For a business, not having one version of the truth could mean not knowing if there’s a problem, how big it is, what the cause is. It could mean a team is doing redundant work or not doing enough based on the information they’re being given.
The lack of vital, reliable information could prove fatal for a business. Collaboration across and within teams is key, but this is an area in which most organisations fail.
Let me paint a picture: different groups of technical staff in a company are working on a single project. Each group is keeping track of their own progress, sitting in their individual silos, storing their data in separate places and in numerous systems and performing their own analyses.
There is no single source of shared data. No one actually knows the current status of a project and data and information is not being communicated across the board.
When you have several teams, tying all this together can prove a long and arduous process so any analysis performed will not reflect the full picture. Meaning you are not getting a single version of the truth.
The project data analyst will spend most of their time collecting data, cleaning and organising it and merging it all. The process is even more time consuming when the data is split across several different types of data tools.
With all the fragmentation and several versions of the ‘truth’, it’s difficult to gauge actual performance for a project. Clients could be receiving contradictory information from different sources within the company.
Or imagine this. In your sales team, a situation arose that a salesperson in your company has contacted a potential lead, that lead has irrevocably asked to be removed off all your marketing lists but that information has not been shared in some central space.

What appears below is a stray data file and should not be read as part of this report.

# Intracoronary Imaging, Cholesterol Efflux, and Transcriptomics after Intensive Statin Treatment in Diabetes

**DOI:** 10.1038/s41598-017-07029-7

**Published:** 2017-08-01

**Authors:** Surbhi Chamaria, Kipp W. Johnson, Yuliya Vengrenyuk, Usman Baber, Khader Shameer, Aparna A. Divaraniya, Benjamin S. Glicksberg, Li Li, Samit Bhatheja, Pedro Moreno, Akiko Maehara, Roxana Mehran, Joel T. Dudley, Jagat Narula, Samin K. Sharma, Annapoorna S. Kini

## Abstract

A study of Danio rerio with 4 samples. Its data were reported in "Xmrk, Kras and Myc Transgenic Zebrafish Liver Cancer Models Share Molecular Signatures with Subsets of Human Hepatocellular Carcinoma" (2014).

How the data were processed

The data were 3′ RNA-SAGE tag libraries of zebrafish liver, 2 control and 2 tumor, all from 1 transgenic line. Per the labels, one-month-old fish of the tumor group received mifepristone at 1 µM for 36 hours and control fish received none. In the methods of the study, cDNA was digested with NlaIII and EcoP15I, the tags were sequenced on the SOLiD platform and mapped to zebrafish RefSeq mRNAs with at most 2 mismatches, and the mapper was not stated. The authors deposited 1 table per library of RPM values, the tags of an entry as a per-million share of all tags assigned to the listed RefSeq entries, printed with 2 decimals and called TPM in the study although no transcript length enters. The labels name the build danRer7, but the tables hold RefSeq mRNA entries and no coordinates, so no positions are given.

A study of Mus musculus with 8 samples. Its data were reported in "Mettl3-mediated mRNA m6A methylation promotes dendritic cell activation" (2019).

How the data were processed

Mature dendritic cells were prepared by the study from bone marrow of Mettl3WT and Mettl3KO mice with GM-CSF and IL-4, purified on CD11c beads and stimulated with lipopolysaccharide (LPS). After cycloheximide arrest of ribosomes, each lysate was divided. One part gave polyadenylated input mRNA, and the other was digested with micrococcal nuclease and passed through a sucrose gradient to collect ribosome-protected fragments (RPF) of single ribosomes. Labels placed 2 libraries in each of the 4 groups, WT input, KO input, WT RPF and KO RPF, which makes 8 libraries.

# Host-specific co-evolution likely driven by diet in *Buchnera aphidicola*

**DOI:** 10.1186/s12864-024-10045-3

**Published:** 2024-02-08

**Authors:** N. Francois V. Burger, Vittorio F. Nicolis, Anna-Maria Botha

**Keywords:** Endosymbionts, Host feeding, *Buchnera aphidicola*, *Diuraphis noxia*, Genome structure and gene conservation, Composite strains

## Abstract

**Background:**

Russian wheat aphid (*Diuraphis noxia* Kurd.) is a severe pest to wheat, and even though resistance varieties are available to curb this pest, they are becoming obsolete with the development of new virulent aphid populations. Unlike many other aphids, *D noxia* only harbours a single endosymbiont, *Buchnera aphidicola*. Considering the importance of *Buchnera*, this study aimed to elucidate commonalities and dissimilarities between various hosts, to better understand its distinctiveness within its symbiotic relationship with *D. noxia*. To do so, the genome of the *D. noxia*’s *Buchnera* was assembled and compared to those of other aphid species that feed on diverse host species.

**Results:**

Another salesperson in your company has the same contact, held in a different repository, and they contact that person also, with the same spiel.
I don’t have to tell you the implications of this scenario occurring over and over again. But I will – your company will look like a bunch of rookies. Not to mention the ramifications of not being compliant with GDPR, the buzzword currently at the forefront of data, marketing and CRM managers’ minds.
Can you see how incompetent this would make you look? Why risk your reputation?
And why risk basing crucial business decisions on incomplete operating data by not having one version of the truth?
The need for a single version of the truth when it comes to working off data, whether it’s operating data, marketing data, project data, or whatever data, is imperative. And the data insights need to be presented consistently, from a single (approved) source of truth.
Every manager, salesperson and project stakeholder (internal or external) needs to agree on the validity of the data (or data analytics based on the data) they access, in order for them to trust the information and be confident of its reliability so they can act appropriately on it.
After all, as my favourite statistician the late Hans Rosling put it, ‘the idea is go from numbers to information to understanding’. Real understanding that provides value to your business.